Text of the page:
Nine Museums and Monuments to See in D.C.

1. National Archives

The Constitution. The Declaration. The Bill of Rights. Need I say more? For me, seeing these documents was a borderline religious experience. I cried, shamelessly. I stared and ogled until the security guard told me to move on so that the other tourists could see. And, of course, I thought a lot about the Hamilton soundtrack. In all seriousness, seeing those documents alone made the trip worth it. Photography was, naturally, strictly forbidden, but I did get a picture of this wonderful guy outside of the Archives.

2. Museum of the American Indian

Now, I'm going to preface this by saying that if you are not a museum person (i.e if you don't enjoy reading wall panels about Native American history and traditions) you might not enjoy this as much as I did. I am a major museum person and can confidently say that I had a blast. The museum featured wings dedicated to tribes of North and South America, from the Inuit to the Inca. Beautiful pottery and cultural artifacts adorned display cases. Wall panels articulated the tragic histories that unfolded following European contact. Something I found incredibly fascinating was the architecture of the museum itself, which was intended to evoke a natural rock formation molded by the elements. And, I do have to say it, gift shop was a 10/10. Everything there was handmade and sourced from tribal communities. I got a beautiful little Chilean chanchito, a three legged pig that supposedly brings good fortune.

3. Georgetown

If I had $2.5 million, I would buy a townhouse in Georgetown. I would describe Georgetown as a mixture of SoHo and the Hamptons, but without the pretentiousness. While it is a part of D.C., it felt more like a busy village than it did a part of a city, if that makes sense. I loved it beyond measure. If anyone wants to buy me a townhouse, let me know. I won't decline the offer.

4. Korean War Memorial

Reminiscent of an art installation, the Korean War Memorial brings attention to America's "forgotten war". Life sized soldiers are planted in a bed of greenery. Their faces convey everything from fear to sheer confusion. The inscription dedicated the monument to honor the soldiers "who answered the call to defend a country they never knew and a people they never met." It was moving, to say the least.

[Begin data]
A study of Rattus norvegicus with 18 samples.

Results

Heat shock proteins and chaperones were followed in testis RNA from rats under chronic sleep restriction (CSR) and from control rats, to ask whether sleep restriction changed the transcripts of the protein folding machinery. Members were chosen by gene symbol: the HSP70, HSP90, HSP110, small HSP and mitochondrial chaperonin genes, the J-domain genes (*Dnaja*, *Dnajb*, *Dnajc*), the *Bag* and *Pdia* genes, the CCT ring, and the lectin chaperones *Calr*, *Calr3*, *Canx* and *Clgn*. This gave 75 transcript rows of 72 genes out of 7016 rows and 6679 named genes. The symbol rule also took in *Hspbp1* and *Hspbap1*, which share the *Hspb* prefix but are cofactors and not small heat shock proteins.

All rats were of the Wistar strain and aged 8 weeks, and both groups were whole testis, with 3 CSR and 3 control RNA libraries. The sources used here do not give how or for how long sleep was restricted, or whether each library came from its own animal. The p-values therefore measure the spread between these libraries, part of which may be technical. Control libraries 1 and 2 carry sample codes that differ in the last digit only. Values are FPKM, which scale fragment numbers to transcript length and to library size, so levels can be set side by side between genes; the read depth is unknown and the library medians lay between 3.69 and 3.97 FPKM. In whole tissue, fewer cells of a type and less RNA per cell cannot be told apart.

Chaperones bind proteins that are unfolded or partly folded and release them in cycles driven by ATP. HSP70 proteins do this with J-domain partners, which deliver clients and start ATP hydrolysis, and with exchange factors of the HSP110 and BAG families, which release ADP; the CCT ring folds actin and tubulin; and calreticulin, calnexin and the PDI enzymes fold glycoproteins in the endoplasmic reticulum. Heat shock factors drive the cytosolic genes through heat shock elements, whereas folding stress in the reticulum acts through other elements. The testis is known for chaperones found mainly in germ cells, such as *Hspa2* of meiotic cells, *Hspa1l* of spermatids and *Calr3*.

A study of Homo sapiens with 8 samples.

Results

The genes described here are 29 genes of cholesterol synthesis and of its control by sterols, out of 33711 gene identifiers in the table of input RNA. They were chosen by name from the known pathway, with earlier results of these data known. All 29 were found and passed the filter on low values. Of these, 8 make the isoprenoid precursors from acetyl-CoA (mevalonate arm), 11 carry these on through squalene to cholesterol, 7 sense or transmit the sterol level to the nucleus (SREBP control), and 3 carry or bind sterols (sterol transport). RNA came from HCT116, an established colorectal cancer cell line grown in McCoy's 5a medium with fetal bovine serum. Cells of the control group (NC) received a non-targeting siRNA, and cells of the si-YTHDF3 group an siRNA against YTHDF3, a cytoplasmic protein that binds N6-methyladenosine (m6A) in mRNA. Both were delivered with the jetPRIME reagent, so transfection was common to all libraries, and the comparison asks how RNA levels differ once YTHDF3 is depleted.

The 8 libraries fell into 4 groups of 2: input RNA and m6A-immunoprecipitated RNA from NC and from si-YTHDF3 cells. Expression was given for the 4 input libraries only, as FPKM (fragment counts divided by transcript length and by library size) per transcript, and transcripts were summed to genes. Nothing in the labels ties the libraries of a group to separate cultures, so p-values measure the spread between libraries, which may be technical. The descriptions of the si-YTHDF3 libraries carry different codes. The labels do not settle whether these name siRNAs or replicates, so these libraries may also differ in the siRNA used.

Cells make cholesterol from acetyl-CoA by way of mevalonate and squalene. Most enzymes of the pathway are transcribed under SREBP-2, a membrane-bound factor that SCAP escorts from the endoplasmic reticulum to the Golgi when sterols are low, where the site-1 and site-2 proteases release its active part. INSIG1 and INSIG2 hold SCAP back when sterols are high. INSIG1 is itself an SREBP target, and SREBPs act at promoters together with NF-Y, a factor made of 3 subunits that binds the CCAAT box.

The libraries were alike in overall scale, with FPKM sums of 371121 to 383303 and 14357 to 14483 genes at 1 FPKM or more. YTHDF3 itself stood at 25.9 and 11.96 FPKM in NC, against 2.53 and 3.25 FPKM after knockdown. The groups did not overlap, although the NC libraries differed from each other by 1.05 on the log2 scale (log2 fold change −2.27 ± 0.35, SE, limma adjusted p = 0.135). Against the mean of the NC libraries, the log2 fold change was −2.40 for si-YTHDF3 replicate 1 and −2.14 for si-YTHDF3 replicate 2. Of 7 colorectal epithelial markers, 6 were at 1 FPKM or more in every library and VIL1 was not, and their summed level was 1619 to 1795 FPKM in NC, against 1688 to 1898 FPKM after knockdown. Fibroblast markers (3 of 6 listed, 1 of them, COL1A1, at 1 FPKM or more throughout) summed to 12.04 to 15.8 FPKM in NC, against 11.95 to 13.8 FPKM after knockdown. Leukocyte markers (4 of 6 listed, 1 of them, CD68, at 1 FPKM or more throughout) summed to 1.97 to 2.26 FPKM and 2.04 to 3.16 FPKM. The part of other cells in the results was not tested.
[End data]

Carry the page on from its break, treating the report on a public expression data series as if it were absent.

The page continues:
5. Lincoln Memorial

An obligatory tourist attraction. A Doric temple to the legend himself, Abraham Lincoln. The engravings of the Gettysburg Address and Lincoln's Second Inaugural Address were moving touches to the monument. Reading them under Lincoln's gaze was far more powerful than simply reading them from a book.

6. Union Station

Now, I'm sure you're wondering, in what world would a train station make a short list of must see places? Well, I have an affinity for train stations, and I took the train down to D.C. so it was the first thing I saw in the city. Union Station is like a cross between a Greek temple (if a Greek temple had Starbucks) and Grand Central Terminal. Looking up, you'll see beautiful sculptures of Greek gods and stunning gold coffered ceilings (art history vocabulary is useful, folks). Seriously beautiful.

7. Capitol Hill

Talk about being in the room where it happens (or outside the room... but close enough for a plebeian like me). Again, exquisite. I'm obsessed with this city's architecture. Being in such close proximity to the building makes you want to run for Congress.

8. World War II Memorial

As luck would have it, I went to the memorial on the 74th anniversary of D-Day. I was able to catch a ceremony for the veterans that was held that morning, which truly gave life to the Memorial and the history. The Memorial itself is sunken into the ground with two taller structures, each representative of a Theatre of the war, Atlantic and Pacific. Carved wreaths adorn the columns that enclose the monument, with each column bearing the name of either a US state or territory. It was definitely worth experiencing

9. Washington Monument

Another obligatory tourist stop. Yes, it's closed to the public to replace the elevator system so no, I didn't go inside. The monument is intimidatingly and inescapably massive. It inevitably appeared in every single photo I took at the National Mall and in the surrounding area. It's supposed to reopen for summer 2019, so I guess I'll have to go back to see the observatory at the the top of the Monument.

All in all, I loved D.C. I actually loved it almost as much as I love New York. There were several places in the city that I didn't have an opportunity to see, mainly the museums (it was just too nice out to be inside). But, if you ever find yourself in D.C. and you get to the Newseum before I do, let me know how it is!